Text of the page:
A Boy Needs a Father

The world I live in is uncomfortable with single mothers and unmarried women. Our very existence is fretted over in articles with words like “alarming” and “worse for children“. Presidential candidates blame us for gun violence,  which is impressive since we commit almost none of it.

This world wants me to marry a man. It tells me so in platitudes and catch phrases. The one that tripped me up was always “a boy needs a father”. I could dispute the idea that children in general needed a male parent based on my fatherless childhood.  But what did I know about being a boy?

I wasn’t a boy, just a girl who wanted to learn “boy things”. At nine I referred to myself as “the man of the house” because I was responsible for tools and pest control. My mom and I built every coffee table and end table in the house from flat-pack boxes and took pride in our work.  I know the basics of auto maintenance and when the time comes I’ll be able to teach my son how to chsnge his own oil and put on a spare tire using a tire iron and a jack.

So really, what couldn’t I teach my son? After twenty years of dating guys, good and bad and in between,  and ten years dating as a mother, I have to ask myself what my son really learned. What could he only learn from a man? I suspect the answer is toxic masculinity.  That’s what it takes a man to teach a boy.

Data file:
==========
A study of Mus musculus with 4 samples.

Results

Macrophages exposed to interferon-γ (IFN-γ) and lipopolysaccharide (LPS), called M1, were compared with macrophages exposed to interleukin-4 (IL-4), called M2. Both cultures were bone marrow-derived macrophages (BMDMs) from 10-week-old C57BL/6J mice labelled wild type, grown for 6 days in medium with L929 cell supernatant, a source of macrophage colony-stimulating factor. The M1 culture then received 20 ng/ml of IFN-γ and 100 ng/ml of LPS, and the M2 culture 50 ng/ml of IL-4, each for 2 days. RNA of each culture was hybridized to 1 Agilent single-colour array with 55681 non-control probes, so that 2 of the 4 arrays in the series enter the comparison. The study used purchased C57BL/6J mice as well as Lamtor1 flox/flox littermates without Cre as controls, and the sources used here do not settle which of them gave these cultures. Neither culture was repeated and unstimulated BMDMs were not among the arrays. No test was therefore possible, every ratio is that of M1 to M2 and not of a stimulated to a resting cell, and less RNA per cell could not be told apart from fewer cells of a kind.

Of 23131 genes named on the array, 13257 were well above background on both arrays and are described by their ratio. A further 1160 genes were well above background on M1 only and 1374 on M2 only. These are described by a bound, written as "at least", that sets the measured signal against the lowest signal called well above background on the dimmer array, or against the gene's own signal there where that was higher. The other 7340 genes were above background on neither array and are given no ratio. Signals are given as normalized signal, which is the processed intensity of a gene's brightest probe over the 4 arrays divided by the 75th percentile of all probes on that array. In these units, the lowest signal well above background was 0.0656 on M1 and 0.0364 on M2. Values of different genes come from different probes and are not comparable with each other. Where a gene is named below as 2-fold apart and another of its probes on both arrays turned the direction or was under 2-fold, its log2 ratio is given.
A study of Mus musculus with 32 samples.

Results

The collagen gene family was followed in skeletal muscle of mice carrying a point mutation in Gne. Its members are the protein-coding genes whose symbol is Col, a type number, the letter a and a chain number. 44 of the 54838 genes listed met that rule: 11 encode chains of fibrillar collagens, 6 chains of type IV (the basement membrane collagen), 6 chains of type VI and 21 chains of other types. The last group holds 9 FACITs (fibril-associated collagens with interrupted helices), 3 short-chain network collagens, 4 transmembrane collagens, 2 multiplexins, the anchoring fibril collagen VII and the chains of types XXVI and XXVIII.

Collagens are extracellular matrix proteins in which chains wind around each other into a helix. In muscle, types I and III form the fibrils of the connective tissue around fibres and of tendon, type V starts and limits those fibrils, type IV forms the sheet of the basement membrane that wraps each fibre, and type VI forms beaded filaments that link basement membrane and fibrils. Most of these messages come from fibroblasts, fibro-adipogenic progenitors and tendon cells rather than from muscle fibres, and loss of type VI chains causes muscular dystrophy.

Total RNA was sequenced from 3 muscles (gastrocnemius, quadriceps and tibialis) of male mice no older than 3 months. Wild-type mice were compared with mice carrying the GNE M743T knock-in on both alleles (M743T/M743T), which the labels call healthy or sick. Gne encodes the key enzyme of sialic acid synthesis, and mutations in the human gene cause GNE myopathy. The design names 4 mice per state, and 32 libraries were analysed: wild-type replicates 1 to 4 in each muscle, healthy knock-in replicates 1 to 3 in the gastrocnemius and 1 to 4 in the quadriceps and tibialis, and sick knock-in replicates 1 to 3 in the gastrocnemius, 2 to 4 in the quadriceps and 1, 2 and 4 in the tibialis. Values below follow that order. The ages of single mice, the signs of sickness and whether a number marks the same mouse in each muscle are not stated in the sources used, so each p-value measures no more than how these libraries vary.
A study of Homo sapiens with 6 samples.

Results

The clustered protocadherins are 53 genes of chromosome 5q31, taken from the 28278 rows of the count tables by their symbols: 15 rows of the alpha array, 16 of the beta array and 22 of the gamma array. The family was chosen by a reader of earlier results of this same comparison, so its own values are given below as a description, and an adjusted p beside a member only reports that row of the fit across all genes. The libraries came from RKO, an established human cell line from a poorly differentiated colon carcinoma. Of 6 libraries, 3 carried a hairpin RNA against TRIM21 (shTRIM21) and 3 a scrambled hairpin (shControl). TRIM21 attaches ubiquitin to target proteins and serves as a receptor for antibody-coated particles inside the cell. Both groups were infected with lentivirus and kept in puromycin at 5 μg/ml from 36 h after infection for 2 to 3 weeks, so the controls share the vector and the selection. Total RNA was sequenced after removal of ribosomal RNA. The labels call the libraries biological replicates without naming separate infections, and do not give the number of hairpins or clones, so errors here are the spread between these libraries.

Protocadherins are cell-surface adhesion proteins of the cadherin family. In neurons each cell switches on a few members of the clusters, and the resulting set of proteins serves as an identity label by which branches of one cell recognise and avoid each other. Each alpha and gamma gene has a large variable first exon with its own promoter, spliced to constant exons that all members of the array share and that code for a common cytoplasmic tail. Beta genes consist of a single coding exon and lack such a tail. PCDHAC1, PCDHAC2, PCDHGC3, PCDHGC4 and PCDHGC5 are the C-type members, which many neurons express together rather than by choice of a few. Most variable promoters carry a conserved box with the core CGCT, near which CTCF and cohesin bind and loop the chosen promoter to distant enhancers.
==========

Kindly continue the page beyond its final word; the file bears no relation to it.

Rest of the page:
The Geek Feminism Wiki defines toxic masculinity as “the socially-constructed attitudes that describe the masculine gender role as violent, unemotional,  sexually aggressive,  and so forth.”

It’s going to rage as the first emotional response to every minor disappointment in a video game. It’s snapping at a boy child to “man up” and stop crying when they are hurting. It’s yelling to make your smaller female partner back down because you can’t be wrong without it being a threat to your entire sense of self.

That’s the only thing I can come up with that men can teach children better than women.  If I had known that from the start, I don’t think I would have believed or agreed that boys need fathers. And I would not have tried to find one for my son.